Physicists from the College of Arts and Sciences shone at the Soft Condensed Matter Physics Gordon Research Conference (GRC), recently held at Colby-Sawyer College in New London, N.H.
GRCs are prestigious international conferences that provide a forum for discussion about cutting-edge, unpublished research in the biological, chemical and physical sciences. The Soft Condensed Matter Physics GRC is held every two years. The theme of this year’s conference was “Self-Assembly and Active Matter.”
Among the Syracuse participants were Mark Bowick, the Joel Dorman Steele Professor of Physics and director of the Soft Matter Program, and Lisa Manning, associate professor of physics, both of whom were invited speakers. Cristina Marchetti, the William R. Kenan Jr. Professor of Physics and interim director of the Syracuse Biomaterials Institute, served as a discussion leader.
Assistant Professor Joseph Paulsen, who joins the Syracuse faculty this fall, beat out more than 120 entrants to co-win the GRC poster competition, entitling him to deliver an oral presentation on the final day of the program.
“These conferences are among the most important in our field,” says Marchetti, who co-chaired the 2011 Soft Condensed Matter Physics GRC. “Each GRC brings together some of the world’s leading researchers in a given area, all in an intimate and informal setting that is conducive to discussing new results and inspiring new collaborations. Invitations to speak at GRC are highly prestigious, and provide a unique opportunity to showcase one’s work and test it in front of a challenging audience.”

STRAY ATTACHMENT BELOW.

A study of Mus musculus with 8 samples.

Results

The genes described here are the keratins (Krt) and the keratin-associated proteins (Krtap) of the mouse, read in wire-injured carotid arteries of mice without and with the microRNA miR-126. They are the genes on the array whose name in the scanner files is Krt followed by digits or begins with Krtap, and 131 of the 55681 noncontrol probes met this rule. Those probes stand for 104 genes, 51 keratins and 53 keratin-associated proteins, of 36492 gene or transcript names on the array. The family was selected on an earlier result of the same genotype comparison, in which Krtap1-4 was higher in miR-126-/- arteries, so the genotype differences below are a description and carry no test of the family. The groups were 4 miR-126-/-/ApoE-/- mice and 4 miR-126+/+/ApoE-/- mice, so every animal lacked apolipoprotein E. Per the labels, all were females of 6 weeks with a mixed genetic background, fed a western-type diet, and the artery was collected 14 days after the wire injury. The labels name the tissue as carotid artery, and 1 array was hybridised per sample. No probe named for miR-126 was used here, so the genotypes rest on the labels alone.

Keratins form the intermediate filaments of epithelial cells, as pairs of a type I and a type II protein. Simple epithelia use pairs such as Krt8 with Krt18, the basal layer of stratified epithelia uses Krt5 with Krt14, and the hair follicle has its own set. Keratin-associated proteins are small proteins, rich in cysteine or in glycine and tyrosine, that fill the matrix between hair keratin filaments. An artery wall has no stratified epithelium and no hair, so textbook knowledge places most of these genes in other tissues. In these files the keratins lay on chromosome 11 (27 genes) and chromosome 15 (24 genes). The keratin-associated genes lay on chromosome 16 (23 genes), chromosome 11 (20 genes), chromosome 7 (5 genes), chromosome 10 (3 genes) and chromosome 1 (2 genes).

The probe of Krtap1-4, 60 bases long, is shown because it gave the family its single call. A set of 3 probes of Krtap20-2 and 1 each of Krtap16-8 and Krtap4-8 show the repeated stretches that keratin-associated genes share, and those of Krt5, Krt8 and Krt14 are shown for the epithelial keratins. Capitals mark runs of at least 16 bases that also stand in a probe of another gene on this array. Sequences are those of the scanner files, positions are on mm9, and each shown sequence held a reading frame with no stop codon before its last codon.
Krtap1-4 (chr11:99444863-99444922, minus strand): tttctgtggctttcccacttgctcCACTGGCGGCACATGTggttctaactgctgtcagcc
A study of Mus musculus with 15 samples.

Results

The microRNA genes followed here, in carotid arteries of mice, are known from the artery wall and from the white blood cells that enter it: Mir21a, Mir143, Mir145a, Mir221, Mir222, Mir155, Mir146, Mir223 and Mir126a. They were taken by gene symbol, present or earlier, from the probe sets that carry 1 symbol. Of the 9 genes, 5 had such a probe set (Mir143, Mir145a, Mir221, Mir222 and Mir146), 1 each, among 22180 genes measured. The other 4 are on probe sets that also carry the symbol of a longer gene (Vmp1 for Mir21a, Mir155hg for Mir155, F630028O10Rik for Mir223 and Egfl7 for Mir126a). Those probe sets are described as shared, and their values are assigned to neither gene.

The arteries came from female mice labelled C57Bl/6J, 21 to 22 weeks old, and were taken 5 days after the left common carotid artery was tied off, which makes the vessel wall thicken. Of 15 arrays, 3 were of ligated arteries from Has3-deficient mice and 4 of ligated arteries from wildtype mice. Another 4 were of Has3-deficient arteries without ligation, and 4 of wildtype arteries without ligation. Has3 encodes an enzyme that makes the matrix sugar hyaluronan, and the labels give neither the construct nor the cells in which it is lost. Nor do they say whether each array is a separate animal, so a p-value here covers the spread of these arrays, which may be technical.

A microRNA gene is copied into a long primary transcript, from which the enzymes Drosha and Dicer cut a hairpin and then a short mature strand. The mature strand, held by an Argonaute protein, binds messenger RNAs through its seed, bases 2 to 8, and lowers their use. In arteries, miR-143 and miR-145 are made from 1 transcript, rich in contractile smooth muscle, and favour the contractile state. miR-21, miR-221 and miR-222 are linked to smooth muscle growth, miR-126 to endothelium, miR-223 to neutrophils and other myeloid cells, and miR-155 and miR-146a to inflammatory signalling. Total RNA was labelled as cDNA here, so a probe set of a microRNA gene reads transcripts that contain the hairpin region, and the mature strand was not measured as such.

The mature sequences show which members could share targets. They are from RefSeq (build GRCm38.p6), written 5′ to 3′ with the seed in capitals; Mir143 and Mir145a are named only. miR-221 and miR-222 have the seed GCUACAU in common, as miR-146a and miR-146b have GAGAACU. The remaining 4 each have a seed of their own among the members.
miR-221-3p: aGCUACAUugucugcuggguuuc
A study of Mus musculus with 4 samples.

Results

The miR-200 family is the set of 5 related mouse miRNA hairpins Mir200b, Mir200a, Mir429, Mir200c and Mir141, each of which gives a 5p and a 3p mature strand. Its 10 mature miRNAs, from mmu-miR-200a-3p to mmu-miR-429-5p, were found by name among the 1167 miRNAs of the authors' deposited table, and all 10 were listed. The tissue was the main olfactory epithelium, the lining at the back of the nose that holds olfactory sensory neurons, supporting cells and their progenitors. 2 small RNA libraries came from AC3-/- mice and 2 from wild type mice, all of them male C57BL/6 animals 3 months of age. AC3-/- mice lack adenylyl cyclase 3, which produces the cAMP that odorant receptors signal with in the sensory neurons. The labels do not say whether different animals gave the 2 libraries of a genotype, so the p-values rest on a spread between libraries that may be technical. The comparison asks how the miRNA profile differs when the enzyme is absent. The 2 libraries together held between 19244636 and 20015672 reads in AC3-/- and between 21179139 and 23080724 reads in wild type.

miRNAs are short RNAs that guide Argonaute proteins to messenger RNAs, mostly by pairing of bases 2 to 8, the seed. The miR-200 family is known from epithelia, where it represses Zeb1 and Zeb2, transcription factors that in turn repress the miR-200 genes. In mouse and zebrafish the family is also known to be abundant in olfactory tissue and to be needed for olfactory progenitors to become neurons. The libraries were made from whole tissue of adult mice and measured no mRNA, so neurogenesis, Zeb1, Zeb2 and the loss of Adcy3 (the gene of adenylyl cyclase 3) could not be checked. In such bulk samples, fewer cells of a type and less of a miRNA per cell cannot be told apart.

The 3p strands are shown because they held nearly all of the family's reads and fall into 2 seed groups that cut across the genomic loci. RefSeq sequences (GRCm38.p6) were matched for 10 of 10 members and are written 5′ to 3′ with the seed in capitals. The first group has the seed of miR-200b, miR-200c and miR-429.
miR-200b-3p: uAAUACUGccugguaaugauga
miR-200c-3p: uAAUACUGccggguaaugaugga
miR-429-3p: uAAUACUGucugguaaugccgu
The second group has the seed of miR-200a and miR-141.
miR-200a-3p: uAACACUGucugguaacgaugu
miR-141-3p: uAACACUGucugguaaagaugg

Many of the presentations were bio-inspired, she says. Among the self-assembly topics of discussion were biomineralization, virus assembly and assembly of Janus and DNA colloids. Active matter topics included swimmers, driven colloids, actin and microtubule assembly, and tissues.
Marchetti, who led a talk on biological active matter, says most of the presenters were global leaders in soft matter, as well as life scientists and materials scientists whose work overlapped with condensed matter. “Members of our Soft Matter Program had a strong presence at the conference, confirming their prominence in the field,” she adds.
During the five-day conference, Bowick discussed shape-shifting droplet networks. Manning, who spoke on glassiness and jamming in biological tissues, also headlined a career panel during a two-day research seminar preceding the conference.
Manning has been elected co-vice chair of the 2017 GRC and co-chair of the ’19 conference. Vice chairs are elected by their peers at each GRC.